More on a theme that I’ve written about before.
I don’t agree with every single word in this piece, but I highly recommend The New Suburban Poverty in the NYT, written by Lisa McGirr, professor of history at Harvard and the author of Suburban Warriors: The Origins of the New American Right.
McGirr calls upon a wide variety of data that shows the increasing poverty and income stratification in the nation’s suburbs, and gives a pithy history of the rise and (perhaps) fall of the suburb as a key component of the auto-dependent American Dream.
From the piece (emphasis added):
The Brookings Institution reported two years ago that “by 2008 suburbs were home to the largest and fastest growing poor population in the country.” In the previous eight years, major metropolitan suburbs had seen poverty rates climb by 25 percent, almost five times faster than cities. Nationwide, 55 percent of the poor living in the nation’s metropolitan regions lived in suburbs.
To add insult to injury, a new measure to calculate poverty — introduced by the Census Bureau just last year — darkens an already bleak picture: nationally, 51 million households had incomes less than 50 percent above the official poverty line, and nearly half of these households were in suburbs.
Why is poverty soaring in the suburbs? Part of the answer, according to the Brookings Institution, is simple demographics: More Americans live in the suburbs, so there are more poor people there, too. But the recent downturn has also had an outsize impact on suburbs, with the decline in certain categories of jobs and an end to the housing boom that drew many urbanites and immigrants to the suburbs in the first place.
At the most basic level, poor people living in suburbs face challenges gaining access to services they need, because the municipalities they live in are unaccustomed or even hostile to providing them, or are simply unable to do so. Suburbs, with their thin safety nets, are not well equipped to handle the rising demands for help. Local food pantries in suburbs across the nation are stretched beyond capacity to meet the needs of the new poor. […]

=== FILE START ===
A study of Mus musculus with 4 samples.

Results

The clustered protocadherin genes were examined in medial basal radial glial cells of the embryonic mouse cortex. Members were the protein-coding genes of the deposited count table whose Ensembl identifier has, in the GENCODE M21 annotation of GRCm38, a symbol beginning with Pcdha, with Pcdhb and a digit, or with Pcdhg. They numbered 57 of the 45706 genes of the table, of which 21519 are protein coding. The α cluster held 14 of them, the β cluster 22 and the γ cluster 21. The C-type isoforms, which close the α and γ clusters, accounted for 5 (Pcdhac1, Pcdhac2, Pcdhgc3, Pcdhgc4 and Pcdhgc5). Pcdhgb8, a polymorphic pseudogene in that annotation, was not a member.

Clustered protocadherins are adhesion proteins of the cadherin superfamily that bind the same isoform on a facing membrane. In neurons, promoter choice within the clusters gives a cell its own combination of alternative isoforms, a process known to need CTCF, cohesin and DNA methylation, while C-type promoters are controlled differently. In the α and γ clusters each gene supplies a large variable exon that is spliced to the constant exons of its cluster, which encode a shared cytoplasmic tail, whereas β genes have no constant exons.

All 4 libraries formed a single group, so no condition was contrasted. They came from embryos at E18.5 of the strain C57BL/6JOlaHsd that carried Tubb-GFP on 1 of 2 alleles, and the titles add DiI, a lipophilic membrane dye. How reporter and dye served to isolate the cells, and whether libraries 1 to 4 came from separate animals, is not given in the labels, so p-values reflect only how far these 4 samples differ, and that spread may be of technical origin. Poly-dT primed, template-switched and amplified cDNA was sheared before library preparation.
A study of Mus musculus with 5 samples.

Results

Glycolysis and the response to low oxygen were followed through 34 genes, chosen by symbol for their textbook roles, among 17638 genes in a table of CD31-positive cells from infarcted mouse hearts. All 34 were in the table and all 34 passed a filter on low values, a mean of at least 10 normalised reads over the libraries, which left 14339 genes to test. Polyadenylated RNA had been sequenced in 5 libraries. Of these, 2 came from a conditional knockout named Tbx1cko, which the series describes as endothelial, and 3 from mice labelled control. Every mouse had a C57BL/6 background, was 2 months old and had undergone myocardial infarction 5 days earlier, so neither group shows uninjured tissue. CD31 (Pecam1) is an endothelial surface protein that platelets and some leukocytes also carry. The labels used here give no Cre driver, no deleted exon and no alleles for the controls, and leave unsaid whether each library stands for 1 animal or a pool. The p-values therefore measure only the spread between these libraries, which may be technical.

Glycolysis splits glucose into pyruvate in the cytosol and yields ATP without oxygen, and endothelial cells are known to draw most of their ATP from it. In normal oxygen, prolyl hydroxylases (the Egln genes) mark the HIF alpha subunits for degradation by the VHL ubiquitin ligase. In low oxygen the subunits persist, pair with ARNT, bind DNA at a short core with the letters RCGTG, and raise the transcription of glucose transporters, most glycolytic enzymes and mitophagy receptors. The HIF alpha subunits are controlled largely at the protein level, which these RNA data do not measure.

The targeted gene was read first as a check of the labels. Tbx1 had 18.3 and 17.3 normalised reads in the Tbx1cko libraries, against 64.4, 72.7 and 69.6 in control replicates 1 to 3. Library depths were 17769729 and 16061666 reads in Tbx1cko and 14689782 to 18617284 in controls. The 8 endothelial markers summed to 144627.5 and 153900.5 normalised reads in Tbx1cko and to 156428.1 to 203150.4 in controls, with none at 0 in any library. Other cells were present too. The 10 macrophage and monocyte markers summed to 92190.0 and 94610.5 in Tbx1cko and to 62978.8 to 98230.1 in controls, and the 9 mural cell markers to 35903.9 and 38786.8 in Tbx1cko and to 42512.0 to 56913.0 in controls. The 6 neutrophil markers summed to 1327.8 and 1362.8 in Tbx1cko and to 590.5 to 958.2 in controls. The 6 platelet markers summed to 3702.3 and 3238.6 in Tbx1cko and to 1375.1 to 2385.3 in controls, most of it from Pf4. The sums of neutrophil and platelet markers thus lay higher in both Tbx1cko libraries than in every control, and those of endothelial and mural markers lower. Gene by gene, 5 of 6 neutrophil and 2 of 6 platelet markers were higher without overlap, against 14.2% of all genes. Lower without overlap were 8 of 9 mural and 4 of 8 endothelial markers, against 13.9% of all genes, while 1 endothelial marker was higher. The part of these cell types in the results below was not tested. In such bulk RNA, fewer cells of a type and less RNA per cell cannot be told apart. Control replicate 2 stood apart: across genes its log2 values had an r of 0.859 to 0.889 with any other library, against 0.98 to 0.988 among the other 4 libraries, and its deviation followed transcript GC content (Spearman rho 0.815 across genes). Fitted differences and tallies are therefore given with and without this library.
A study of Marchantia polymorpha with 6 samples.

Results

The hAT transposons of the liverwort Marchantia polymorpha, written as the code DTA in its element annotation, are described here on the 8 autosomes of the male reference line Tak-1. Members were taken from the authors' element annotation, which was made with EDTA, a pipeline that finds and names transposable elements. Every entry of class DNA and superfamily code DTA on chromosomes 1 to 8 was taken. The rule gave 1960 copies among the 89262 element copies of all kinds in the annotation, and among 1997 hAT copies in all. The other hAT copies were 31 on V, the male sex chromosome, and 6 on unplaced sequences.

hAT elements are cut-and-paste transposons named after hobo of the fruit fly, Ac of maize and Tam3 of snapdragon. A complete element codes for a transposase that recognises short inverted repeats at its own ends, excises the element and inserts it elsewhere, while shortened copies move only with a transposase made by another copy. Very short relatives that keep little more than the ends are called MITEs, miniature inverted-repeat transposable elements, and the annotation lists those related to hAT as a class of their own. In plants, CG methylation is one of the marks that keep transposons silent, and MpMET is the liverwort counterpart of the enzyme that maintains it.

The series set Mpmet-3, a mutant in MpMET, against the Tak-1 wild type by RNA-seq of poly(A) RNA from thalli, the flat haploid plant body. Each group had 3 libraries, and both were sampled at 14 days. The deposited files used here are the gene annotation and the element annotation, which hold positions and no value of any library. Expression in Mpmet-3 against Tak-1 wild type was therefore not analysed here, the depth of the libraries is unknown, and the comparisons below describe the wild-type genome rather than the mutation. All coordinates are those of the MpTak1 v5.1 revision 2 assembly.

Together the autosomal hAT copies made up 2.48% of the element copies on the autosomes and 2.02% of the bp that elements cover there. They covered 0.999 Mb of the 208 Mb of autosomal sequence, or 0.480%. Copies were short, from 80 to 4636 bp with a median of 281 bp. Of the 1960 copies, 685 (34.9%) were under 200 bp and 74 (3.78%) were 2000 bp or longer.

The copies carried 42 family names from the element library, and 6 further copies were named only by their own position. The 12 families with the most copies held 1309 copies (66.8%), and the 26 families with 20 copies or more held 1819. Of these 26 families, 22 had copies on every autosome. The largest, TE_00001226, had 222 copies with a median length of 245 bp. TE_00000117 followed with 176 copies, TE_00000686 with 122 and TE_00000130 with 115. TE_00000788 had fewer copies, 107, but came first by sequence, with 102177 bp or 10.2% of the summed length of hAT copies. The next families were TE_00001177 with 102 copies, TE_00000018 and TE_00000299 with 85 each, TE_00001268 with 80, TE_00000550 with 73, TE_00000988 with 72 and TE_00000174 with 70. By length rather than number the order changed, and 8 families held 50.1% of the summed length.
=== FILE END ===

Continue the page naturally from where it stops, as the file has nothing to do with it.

The suburban poor also face the geographic challenges of decentralized living. Car ownership is a costly, brittle lifeline in suburbs with weak public transport networks. Budget cuts often target public transportation first, hindering access to jobs, as well as services. Suburban poverty also throws into bold relief the environmental burden of the suburbs; poor people are faced with the challenge of heating and lighting spacious but energy-inefficient single-family homes.
With energy costs rising and transportation infrastructure being tested, we’re going to have to rethink our auto-dependence. I agree with McGirr on some of the policy prescriptions in the piece, although I wish the whole thing sounded a little less partisan in its politics.
Still, it’s well worth a read for anyone interested in urban — or suburban or exurban — planning.